At midnight on Halloween, as Woody Thompson navigated the wheelchair out of the hospital toward the family car, his son, Robbie, looked up from his seat to ask a question: “Can I go trick-or-treating now?”
“It about broke my heart,” said Woody, RS&H’s commissioning and energy region leader in Texas.
Nine-year-old Robbie had spent the whole month looking forward to Halloween, when he would put on his Dash (from The Incredibles) costume and go trick-or-treating. In anticipation of Halloween night, Woody bought a Mr. Incredible costume, so he and Robbie could trick-or-treat together as the father-son superheroes.
But instead of celebrating Halloween, Robbie and his parents spent their evening in the hospital, trying to figure out the cause of a series of seizures Robbie had experienced that day.
“He was really upset he missed trick-or-treating,” said Woody. “He had been so excited for so long about it.”
But thanks to an “unsolicited act of love and concern by the RS&H San Antonio office,” as Woody calls it, Robbie would get to trick-or-treat before the week was over.
Board Game, Interrupted
Every day at lunch, a group of associates in the San Antonio office get together to play out-of-the-box board games. In the middle of one of those games on October 31, Woody got a call from the school nurse. She suspected that Robbie had experienced a seizure at school.
As an infant, Robbie spent time in the NICU, where a dose of morphine caused his first seizure. It had been controlled with medication up until this incident.
After Woody and his wife, Nellie, picked Robbie up from school, he had six more seizures, three at the pediatrician’s office and three at the hospital. Late Wednesday night, after doctors gave their okay, Robbie and his parents left the hospital, long after the last trick-or-treaters had gone home.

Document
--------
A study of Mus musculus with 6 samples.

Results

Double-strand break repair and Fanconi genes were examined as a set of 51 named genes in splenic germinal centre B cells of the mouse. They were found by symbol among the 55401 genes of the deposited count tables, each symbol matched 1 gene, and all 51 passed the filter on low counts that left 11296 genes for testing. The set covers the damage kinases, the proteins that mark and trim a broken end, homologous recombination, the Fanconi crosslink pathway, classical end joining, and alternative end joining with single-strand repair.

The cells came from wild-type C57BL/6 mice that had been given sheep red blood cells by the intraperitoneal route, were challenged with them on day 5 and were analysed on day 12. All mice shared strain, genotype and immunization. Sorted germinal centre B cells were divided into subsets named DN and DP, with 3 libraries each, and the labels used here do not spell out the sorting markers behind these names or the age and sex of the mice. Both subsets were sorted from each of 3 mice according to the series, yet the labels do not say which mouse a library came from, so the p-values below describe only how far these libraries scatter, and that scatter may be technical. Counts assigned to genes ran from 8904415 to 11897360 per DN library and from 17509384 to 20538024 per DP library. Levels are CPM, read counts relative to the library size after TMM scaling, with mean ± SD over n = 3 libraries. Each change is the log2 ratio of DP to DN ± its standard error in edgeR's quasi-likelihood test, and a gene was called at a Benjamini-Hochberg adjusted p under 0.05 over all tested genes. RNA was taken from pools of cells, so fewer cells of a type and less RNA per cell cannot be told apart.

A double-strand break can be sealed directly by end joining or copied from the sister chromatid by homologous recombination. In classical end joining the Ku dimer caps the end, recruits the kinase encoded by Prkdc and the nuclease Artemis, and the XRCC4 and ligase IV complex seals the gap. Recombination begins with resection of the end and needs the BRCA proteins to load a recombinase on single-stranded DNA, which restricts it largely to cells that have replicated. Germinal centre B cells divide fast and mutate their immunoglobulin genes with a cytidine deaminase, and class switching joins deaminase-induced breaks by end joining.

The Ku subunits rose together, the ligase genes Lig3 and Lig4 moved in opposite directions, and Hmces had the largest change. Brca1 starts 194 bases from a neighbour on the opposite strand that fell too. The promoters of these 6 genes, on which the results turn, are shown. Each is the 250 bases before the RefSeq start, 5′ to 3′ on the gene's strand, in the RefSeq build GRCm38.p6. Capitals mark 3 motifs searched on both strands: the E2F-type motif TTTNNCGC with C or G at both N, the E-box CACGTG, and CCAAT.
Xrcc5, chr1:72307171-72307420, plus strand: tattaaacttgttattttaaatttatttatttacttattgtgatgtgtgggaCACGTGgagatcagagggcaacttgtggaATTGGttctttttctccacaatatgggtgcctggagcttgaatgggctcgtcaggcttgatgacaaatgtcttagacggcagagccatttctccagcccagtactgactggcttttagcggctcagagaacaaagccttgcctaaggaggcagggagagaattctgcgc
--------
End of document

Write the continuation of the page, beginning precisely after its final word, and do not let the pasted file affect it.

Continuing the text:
When Woody told his colleagues he wouldn’t be in the office Thursday, he mentioned that Robbie was upset about missing Halloween. Behind the scenes, the San Antonio office began scheming.
Thursday evening, Woody got a text from a colleague asking if Robbie would want to trick-or-treat at the office. Woody loved the idea and set up the office trick-or-treating for Friday afternoon.
Friday morning, Woody walked in to find the Halloween decorations back up, in preparation for Robbie’s visit later that day. A few people brought in masks, and everyone had candy ready for Robbie’s trick-or-treating.
That afternoon, Robbie and Woody finally got to trick-or-treat together in their matching costumes.
“Seizures drain you,” said Woody. “For two days, Robbie had absolutely no energy, but he had energy then.”
Robbie will need more tests in the coming days to determine the cause of the seizures, and some tough decisions lie ahead for Woody and his family.
But that moment of fun meant the world to Robbie.
“He didn’t care that it wasn’t Halloween. All he knew was that he wasn’t going to be able to wear his costume and now he was able to,” said Woody. “The kid got more candy than he knows what to do with.”
Company Culture of Empathy
Woody says over his years at RS&H he has seen time and again the care associates have for each other.
“I will have been with RS&H for 10 years on November 18,” said Woody. “If somebody is down, there’s always someone to pick them up.”
This time, colleagues cared for Woody and his family. Next time, Woody says, he may help lift up someone else.
“At RS&H, we celebrate the victories, and we’re there for people when they need help,” said Woody. “You aren’t just a number here. You’re a part of a community at our company.”
About the author
- In her role as a communications professional, Eliza gets to tell the stories of RS&H associates and the amazing work they do for clients, colleagues and their communities.